A deceptively simple game that I've been playing recently is Timeline.
The premise of Timeline is very simple - you are supposed to place events (or inventions, discoveries, etc, based on which set you are using) in their correct order in the timeline. To start the game, each player is dealt a handful of cards, which they place in front of them on the table. One other card is dealt into the center of the table, date showing, to seed the timeline. (These cards each represent something that happened at a specific point in time. One side of the card depicts the event, and the other side depicts the event and also has a year on it.) Each turn, the active player attempts to play a card by placing it somewhere in the timeline and then flipping it over. If they have placed the event in the proper location, then their turn is over; otherwise, they must draw a new card. The first person to run out of cards is the winner.
|The currently available versions of Timeline|
The next pro for Timeline is that there is, surprisingly, strategy about playing the game. With a normal hand, you will generally have some cards that you know pretty well, some that you have a decent idea about, and some that you have no clue about. But, with those, when should you play each card? Should you play the ones that you have no idea about first, and hope that you're able to successfully play them since your odds are better of guessing correctly when the timeline is small? If you do that, then the ones that you only have a vague idea about will become much harder to play later - after all, if you know that something happened in the 1800's, and there are several cards already played in the 1800's, then suddenly your card is much harder to play. What's more - you know what cards your opponents have. So, should you play some of your cards that happened around the same time as theirs in order to make their cards harder to play? Like I said, the game itself is very simple, but forming a strategy about the order of playing your cards adds some depth to the game.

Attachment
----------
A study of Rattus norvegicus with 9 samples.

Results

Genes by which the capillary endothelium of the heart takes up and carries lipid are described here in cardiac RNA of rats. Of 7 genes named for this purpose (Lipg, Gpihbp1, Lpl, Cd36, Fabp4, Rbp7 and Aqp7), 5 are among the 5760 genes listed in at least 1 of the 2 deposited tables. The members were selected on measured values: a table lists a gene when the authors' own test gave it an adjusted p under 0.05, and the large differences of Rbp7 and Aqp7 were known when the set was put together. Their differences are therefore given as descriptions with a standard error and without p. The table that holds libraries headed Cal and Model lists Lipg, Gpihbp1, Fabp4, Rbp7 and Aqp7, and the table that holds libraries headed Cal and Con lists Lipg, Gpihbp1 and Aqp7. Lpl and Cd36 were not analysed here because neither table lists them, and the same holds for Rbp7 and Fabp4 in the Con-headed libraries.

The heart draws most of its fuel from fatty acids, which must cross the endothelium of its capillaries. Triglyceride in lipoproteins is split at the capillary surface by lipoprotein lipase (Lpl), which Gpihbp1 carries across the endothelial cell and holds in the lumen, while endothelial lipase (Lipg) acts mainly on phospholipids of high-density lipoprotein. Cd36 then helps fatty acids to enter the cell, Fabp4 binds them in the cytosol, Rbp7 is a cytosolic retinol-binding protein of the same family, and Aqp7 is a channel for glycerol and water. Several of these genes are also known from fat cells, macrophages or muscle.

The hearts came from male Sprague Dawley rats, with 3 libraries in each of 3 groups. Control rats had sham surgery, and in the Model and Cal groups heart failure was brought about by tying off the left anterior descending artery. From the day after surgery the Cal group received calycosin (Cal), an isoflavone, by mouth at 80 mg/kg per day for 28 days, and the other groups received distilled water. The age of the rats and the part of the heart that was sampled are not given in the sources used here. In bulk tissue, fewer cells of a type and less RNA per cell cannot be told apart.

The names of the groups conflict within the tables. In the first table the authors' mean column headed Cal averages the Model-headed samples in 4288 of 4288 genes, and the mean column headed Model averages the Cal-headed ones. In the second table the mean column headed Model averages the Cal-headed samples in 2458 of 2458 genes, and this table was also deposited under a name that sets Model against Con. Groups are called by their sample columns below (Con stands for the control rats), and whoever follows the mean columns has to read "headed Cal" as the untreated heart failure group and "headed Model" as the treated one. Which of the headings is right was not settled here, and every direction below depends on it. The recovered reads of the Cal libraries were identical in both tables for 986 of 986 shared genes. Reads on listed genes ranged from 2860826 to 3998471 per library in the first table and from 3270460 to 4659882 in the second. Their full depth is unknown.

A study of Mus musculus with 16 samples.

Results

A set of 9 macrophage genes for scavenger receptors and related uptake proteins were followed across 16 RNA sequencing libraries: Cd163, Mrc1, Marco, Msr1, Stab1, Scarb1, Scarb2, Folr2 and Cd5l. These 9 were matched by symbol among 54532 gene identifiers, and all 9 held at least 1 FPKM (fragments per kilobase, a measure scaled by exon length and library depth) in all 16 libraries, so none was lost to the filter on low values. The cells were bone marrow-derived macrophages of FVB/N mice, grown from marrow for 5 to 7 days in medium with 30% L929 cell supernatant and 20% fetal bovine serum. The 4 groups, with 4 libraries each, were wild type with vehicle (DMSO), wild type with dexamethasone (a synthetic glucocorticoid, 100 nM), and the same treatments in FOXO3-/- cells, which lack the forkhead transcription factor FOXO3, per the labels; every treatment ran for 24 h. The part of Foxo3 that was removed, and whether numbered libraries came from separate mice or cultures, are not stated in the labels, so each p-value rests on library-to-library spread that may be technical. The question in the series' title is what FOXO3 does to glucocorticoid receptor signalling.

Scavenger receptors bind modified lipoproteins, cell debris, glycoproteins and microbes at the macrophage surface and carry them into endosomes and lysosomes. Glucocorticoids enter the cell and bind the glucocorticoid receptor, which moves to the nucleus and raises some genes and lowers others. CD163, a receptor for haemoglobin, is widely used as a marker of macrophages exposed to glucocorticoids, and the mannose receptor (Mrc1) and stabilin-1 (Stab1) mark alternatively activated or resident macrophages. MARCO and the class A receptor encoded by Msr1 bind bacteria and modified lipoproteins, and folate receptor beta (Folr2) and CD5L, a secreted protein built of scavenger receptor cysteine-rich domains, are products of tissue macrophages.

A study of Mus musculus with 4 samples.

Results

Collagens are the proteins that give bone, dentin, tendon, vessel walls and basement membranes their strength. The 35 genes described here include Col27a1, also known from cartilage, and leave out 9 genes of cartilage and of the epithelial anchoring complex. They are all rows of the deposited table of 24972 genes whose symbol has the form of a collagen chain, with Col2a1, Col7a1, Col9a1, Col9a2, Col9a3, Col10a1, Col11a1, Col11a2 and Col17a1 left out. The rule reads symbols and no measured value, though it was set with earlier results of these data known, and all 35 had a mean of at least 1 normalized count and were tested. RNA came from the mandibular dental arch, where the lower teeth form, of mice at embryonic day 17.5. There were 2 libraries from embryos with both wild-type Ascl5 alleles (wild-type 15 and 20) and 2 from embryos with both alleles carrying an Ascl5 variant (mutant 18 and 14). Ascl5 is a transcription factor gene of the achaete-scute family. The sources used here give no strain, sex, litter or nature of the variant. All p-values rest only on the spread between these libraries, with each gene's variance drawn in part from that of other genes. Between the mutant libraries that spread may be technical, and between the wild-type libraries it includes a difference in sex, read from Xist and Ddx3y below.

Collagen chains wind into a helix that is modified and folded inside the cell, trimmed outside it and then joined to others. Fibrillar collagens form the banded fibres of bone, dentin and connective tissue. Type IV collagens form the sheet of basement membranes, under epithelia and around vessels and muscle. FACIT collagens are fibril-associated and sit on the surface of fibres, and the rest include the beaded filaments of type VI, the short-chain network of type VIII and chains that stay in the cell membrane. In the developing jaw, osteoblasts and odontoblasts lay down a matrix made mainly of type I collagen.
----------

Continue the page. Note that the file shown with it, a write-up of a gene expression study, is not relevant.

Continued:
|Is this where the Can Opener goes??|
The second con is that the enjoyment of the game is going to be highly dependent on the equality of the players. Since Timeline is a trivia game (and not a game of highly obscure trivia game like Wits and Wagers), some people will know more answers than others. And those people will win the most. So, the ideal group for Timeline will be a group of people that have an approximately equal knowledge of history.
The last con that I have for Timeline is that the cards drawn can sometimes highly favor one player. Why? Because there are some cards that are really obvious about where they go in the timeline. Cards like "The Earth is Formed." Well, I may not know an exact date for that, and regardless of what you believe about creation versus evolution, you still are going to know that this card goes earlier than anything else on the timeline. As long as a lot of these obvious cards aren't drawn, everything should be alright - but I had a game where I drew "The Earth is Formed," "Dinosaurs Appear," and "Dinosaurs Become Extinct" in my opening hand. These three cards were all especially easy to play, and, un-surprisingly, I won that game.
Overall, I give Timeline an 8.0/10. I'm glad to have it in my collection, and I intend to continue playing it for a long time, but the amount of time that I have to wait between plays keeps it from being one of my upper echelon games.
If Timeline sounds interesting, you might also check out Wits and Wagers, Biblios, and Code 777.